Players will be the big winners in the PGA versus LIV battle
The Saudi Arabia-backed LIV Golf is luring big names in the sport away from the US’s PGA Tour, which has been the home of golf’s best players for more than 50 years.
In any other year, as the season’s third major, the US Open would be not only the golf story of the week, but also of the month of June. It has been overshadowed by the raid on players by the Saudi Arabia-backed upstart LIV Golf, which is driving the sport towards all-out civil war.
LIV Golf, underwritten by the $500-billion Saudi Public Investment Fund, and headed by former world number one Greg Norman, has established a rival tour of sorts.
At this stage it has committed to eight tournaments in 2022 — the first of which took place from 9 to 11 June at St Albans near London and was won by South Africa’s Charl Schwartzel. But there is no telling how big, or how far, the Saudi-backed LIV Series is willing to go.
The funds it has at its disposal are almost limitless and there are clearly enough professional players willing to accept LIV’s money, however much blood it’s soaked in. Saudi Arabia is one of the world’s most brutal regimes and this is a clear attempt at using sport to polish its global image.
Where is the moral line?
The moral outrage is justified, but it’s a brittle game to play because both the PGA Tour and the DP World Tour have long accepted money from dubious sources.
Tournaments are played in China and Saudi Arabia, and big petroleum companies, greedy banks and apparel companies that run sweatshops in Asia are regularly and prominently on display in professional golf.
That Saudi Arabia is a bad, bad place with a widely and extensively documented history of human rights abuses is not in question. But so are some of the countries the golf establishment is already in bed with.
Where the moral line begins and where it ends is opaque.
And though the PGA and DP Tours are happy for media outrage about Saudi Arabia’s human rights record to run as justification for LIV’s abolition, the reality is that it’s not really a strong enough disincentive.
After LIV staged the coup of signing Dustin Johnson, consistently in the top three over the past five years, it also lured Bryson DeChambeau and Patrick Reed. Along with the likes of South Africa’s Louis Oosthuizen and others, LIV is quickly attracting some quality players.
The $25-million purse, a 48-man field with a shotgun start, no halfway cut, with the winner banking $4-million in the individual event and even more for a team component, is just part of the story. The massive signing-on fees for the top players is another.
Johnson received $125-million to join LIV Golf, Phil Mickelson reportedly got more and world No 2 Jon Rahm threw out a figure of $400-million in a media conference.
And that scares the established tours because, for more than 50 years, the PGA Tour has been the home of golf’s best players. The PGA’s response has been to ban the first 17 defectors, with threats to do the same to future LIV recruits.
“I consider the PGA Tour has done an amazing job, giving us the best platform for us to perform,” defending US Open champion Rahm said on the eve of the 2022 event.
“I do see the appeal that other people see [of] the LIV Golf. I do see some of the … arguments they can make towards why they prefer it,” he said.
“To be honest, part of the format is not really appealing to me. Shotgun [start], three days and no cut, to me is not a golf tournament…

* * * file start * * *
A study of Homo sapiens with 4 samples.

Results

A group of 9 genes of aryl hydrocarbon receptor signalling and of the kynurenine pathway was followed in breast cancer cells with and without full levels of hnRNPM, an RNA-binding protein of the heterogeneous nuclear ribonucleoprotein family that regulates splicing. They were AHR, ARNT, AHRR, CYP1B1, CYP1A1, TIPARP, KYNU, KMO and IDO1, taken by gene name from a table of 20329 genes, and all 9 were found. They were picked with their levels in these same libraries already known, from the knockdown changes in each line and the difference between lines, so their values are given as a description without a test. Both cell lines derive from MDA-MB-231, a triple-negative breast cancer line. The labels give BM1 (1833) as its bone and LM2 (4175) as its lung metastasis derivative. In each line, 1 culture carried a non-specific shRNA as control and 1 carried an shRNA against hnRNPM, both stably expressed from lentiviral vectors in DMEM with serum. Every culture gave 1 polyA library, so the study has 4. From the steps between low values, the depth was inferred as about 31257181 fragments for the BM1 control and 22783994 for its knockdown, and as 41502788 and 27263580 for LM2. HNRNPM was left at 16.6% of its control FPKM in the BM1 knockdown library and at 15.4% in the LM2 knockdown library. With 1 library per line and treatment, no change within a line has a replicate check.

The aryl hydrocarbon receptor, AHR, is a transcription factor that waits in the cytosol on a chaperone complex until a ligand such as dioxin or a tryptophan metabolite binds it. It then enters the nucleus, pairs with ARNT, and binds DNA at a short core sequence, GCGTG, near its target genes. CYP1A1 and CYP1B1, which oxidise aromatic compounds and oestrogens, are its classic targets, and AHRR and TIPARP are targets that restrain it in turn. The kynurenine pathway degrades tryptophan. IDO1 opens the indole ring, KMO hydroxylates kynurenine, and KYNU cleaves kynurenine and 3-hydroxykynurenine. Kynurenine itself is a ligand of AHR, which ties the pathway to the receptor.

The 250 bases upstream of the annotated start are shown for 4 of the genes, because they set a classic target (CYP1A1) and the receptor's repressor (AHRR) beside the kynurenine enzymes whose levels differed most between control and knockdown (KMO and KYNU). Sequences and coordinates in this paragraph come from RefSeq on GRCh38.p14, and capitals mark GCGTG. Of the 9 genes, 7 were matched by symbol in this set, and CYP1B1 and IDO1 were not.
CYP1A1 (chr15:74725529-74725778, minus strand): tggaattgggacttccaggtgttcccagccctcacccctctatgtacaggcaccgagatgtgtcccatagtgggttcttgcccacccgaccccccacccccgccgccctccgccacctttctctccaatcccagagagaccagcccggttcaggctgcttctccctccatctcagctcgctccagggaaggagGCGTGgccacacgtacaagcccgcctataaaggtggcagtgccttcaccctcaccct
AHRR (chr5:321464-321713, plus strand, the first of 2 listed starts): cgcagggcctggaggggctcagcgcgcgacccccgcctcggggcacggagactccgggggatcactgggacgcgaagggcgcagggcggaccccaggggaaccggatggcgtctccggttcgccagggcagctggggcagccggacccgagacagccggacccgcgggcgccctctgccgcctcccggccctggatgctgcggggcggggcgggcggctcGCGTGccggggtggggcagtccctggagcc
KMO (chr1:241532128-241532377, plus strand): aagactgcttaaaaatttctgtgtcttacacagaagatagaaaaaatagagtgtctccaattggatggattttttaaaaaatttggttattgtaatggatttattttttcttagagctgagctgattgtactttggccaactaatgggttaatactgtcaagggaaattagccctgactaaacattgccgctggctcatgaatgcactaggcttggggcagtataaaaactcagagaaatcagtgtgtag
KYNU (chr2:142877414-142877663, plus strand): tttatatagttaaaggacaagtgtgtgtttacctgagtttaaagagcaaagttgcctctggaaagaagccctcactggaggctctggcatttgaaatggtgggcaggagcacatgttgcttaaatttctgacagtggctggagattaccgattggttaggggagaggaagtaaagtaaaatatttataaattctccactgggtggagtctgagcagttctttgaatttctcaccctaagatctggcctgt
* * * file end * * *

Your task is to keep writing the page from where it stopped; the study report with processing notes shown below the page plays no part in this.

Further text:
“Yeah, money is great, but when Kelley [his wife] and I started talking about it and we’re, like, will our lifestyle change if I got $400-million? No, it will not change one bit.
“I could retire right now with what I’ve made and live a very happy life and not play golf again. So, I’ve never really played the game of golf for monetary reasons. I play for the love of the game and I want to play against the best in the world.”
The battle for control
DeChambeau and Reed, the 2020 US Open and 2018 Masters champions respectively, signed for LIV after the PGA bans were handed out.
Obviously, they weren’t deterred.
The threat is serious, but against the hundreds of millions LIV is offering, it’s not enough. And, legally, the PGA’s stance might yet be tested in court because players are independent contractors, even if they are members of the PGA Tour.
Golf is entering an era of battle for player control because, without them, there are no golf tours and tournaments. If LIV, for argument’s sake, signs 30 of the world’s top 50 players, will the PGA still impose the ban? Could it afford to?
At this stage, anyway, LIV is not setting up a complete rival tour over 40 weeks, so there is time for the PGA to consider its options. The one factor that might deter future LIV recruits is if the majors ban defectors.
Currently the four majors — the Masters, PGA Championship, US Open and Open Championship — have not presented a unified position. The US Open falls under the United States Golf Association and not the PGA Tour. It took the decision not to ban the LIV defectors who qualified for the US Open at Brookline from 16 to 19 June.
The Open Championship has not said it will ban LIV Golf players from the 150th Championship at St Andrews next month. The Masters has also not offered an opinion.
If the majors don’t ban LIV players, the PGA Tour’s stance is weakened. It might have to put away the stick and take a carrot approach by perhaps allowing LIV some room in the calendar, and even finding a way to work together.
It’s an outrageous notion in the current climate, but it’s obvious many players are plain greedy. The hundreds of millions already on offer on the PGA Tour are not enough when LIV Golf has billions. The players are going to be the ultimate winners in this battle. DM
This story first appeared in our weekly Daily Maverick 168 newspaper, which is available countrywide for R25.